Thursday, March 23, 2017


It took me many painful years to learn the lesson that less is indeed more.

I am not speaking in terms of interior decorating, accessories, or God knows my number of pairs of shoes. I am speaking of a much more painful pairing down.

I have finally learned that less of me is more. Much less self-assessment, less self-evaluation, less approval seeking, and less caring about what others may think of me or the choices that I make.

Less thinking about me, myself, and the separate I and more of focusing on and in my Source. Less trying to do something or express something that will win accolades or applause, and more of relishing expression for the simple sake of expression.

For so long I didn’t know to what degree I was doing things to get the approval I never thought I had. It was exhausting! The successes that I did get were dampened by the lack of enthusiasm I perceived from those I was most trying to please. There was a subtle yet dynamic sense of hurriedly moving on to the next thing in hopes it would garner more praise. My entertainment career was sullied by my own relentless need for perfection and the inability to withstand the super competitive field I was in. It wasn’t art for art’s sake. It was me trying to win the acceptance, approval, and accolades I so longer for and never felt I got.

I am embarrassed to say that I brought this same need for approval and a building up of me to my early years in ministry. I do not doubt that I had and have a sincere and growing longing to serve. Yet there was also the diminished little boy who was still looking for someone to say that I was doing well, that I was making a difference. That people liked my lectures, workshops, and classes. The number of people in the seats could make or break my attitude on any given day. A consternating look would throw me into self-examination for hours.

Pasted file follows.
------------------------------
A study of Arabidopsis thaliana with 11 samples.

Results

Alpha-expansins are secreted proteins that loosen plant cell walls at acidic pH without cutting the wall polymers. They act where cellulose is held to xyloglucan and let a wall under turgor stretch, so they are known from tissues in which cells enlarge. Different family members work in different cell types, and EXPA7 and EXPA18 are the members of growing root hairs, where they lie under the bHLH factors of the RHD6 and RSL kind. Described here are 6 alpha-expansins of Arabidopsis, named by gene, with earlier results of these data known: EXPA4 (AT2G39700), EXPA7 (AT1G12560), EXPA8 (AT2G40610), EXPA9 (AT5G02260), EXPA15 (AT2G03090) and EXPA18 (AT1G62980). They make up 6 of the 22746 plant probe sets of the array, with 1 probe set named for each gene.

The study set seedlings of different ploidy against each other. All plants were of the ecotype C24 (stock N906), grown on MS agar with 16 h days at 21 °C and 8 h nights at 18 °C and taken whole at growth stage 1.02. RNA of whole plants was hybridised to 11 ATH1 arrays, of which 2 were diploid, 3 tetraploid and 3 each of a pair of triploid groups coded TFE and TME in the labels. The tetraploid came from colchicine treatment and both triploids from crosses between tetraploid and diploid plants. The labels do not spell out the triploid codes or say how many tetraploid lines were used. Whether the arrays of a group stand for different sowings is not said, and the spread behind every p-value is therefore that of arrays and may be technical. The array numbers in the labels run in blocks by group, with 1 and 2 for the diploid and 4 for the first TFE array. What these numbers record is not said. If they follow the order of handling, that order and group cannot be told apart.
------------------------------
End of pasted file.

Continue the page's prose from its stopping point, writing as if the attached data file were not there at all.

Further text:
I suffered from the misperception that it was somehow about me.

In order to be rooted in authentic service and inspired expression there simply must be less of me. Less of the personality self and less approval seeking. In order to do what I am passionately called to do I must step back and let myself be guided by the One whose approval I have had all along. I stay centered in that calling and I must not be swayed by attendance, offerings, or accolades. Today they may love me, and tomorrow they may turn their backs. It does not affect the message I am called to share. My ministry isn’t about me. It is about God. It is about the people I may touch when I stay out of the way and leave my sense of self out of it. The less I focus on me the more effective I can be for others.

And the funny thing is, the less I need approval the more I seem to receive . Does it feel nice? Sure. And, I remain in my center and I keep doing what I am called to do regardless of response. I don’t read the reviews. I don’t need to. As long as I stay true to my calling and keep showing up the Ultimate approval comes from within. As long as there is less of me there is always more of God to come shining through.